Following Donald Trump's offensive comments toward Muslims, one elderly patient decided to show her Muslim doctor that she stands in solidarity with him.
Fahim Rahim, a kidney doctor at Idaho Kidney Center, shared a photo on Facebook of himself and his 91-year-old patient who has dementia, posing with some crocheted stuffed animals earlier this week. The doctor explained in his post that the patient gave him the animals, which she made herself, for a very sweet reason.
"So my 91-year-old patient heard how Trump has been attacking me, 'the American Muslim,'" Rahim wrote. "So here she brings me these little stuffed animals that she crocheted herself to cheer me up! And she made my day."
Needless to say, the photo cheered up more than just Rahim, and received praise from people in all corners of the Internet.
Rahim told The Huffington Post that his encounter with the patient occurred last Friday. Earlier that day, the doctor had been on a local radio show, responding to Trump's Yahoo News interview, in which the candidate said he'd support an idea to keep a database of Muslims in the U.S. The candidate also said he wouldn't rule out the the idea of having Muslims carry ID cards, identifying them by their religion.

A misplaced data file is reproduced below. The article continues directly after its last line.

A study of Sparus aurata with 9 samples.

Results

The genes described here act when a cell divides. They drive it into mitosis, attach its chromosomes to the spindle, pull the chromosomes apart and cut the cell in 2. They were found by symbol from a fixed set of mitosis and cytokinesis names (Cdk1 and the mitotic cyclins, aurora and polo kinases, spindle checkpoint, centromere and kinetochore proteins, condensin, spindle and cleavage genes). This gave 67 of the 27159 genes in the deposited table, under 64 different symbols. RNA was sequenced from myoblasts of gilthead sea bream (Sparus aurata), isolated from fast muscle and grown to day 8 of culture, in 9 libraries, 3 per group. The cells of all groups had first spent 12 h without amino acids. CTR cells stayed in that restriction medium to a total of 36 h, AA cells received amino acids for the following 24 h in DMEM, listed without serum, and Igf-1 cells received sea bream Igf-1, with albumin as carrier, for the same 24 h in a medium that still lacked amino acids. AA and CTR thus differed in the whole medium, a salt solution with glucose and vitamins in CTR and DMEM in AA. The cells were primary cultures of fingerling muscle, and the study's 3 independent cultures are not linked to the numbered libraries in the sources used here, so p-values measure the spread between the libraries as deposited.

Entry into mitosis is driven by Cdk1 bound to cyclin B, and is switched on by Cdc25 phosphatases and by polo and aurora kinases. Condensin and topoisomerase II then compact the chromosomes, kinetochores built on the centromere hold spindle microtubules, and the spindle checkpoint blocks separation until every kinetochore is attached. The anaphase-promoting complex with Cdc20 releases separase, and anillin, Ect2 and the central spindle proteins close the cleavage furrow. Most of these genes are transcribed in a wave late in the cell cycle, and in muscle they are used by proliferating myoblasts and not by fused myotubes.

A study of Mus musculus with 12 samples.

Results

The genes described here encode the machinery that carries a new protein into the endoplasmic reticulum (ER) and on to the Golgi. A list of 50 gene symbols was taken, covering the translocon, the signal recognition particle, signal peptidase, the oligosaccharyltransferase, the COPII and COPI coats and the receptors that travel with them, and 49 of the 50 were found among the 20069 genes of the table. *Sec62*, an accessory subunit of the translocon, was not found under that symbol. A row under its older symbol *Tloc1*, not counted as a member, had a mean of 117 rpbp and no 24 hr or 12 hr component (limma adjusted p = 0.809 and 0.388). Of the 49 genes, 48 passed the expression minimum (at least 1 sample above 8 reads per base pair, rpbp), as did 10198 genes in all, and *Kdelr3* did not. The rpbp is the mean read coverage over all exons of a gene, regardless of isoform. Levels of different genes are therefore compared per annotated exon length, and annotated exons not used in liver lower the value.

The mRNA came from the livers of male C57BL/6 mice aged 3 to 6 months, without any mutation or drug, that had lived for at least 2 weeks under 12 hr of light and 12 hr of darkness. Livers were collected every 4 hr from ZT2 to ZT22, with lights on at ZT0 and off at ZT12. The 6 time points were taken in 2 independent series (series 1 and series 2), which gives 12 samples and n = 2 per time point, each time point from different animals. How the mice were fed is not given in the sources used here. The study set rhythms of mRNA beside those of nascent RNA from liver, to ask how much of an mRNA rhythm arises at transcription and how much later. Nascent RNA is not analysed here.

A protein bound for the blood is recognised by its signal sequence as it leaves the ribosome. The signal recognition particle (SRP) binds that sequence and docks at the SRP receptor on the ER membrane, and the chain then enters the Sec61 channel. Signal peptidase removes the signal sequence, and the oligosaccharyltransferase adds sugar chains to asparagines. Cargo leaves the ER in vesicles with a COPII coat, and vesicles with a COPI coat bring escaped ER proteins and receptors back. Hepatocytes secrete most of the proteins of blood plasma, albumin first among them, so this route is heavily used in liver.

The doctor said that the 91-year-old had been listening to the radio show and though she didn't know who Trump is, she felt the presidential candidate's ideas were hurtful. So when the patient, who happened to have an appointment with the doctor that day, arrived to the office, she gave him the five stuffed animals and also offered him some words of support.
"She said,'I want this for you because I can feel your pain and what you're going through,'" he said, recalling the sweet gesture. "I had never seen that amount of affection from an unexpected person in that unexpected way. And that was beautiful."
After Trump attacked Muslims yet again on Monday, calling for a "total and complete shutdown of Muslims entering the United States," the doctor told HuffPost that he felt it was time share the picture and show people that though we all come from different walks of life, we can still feel compassion for one another.
"I'm a first-generation immigrant from Pakistan ... she's from rural Idaho. We have completely separate backgrounds and regardless of that, we relate to each other as human beings," he said. "In that moment, she threw our differences aside and ... she was just a human being trying to be kind and connect."
He says ultimately the photo tells a powerful lesson.
"Yes, there are wars in the world and there are a lot of bad things, but at the core of everything, there's a lot of goodness."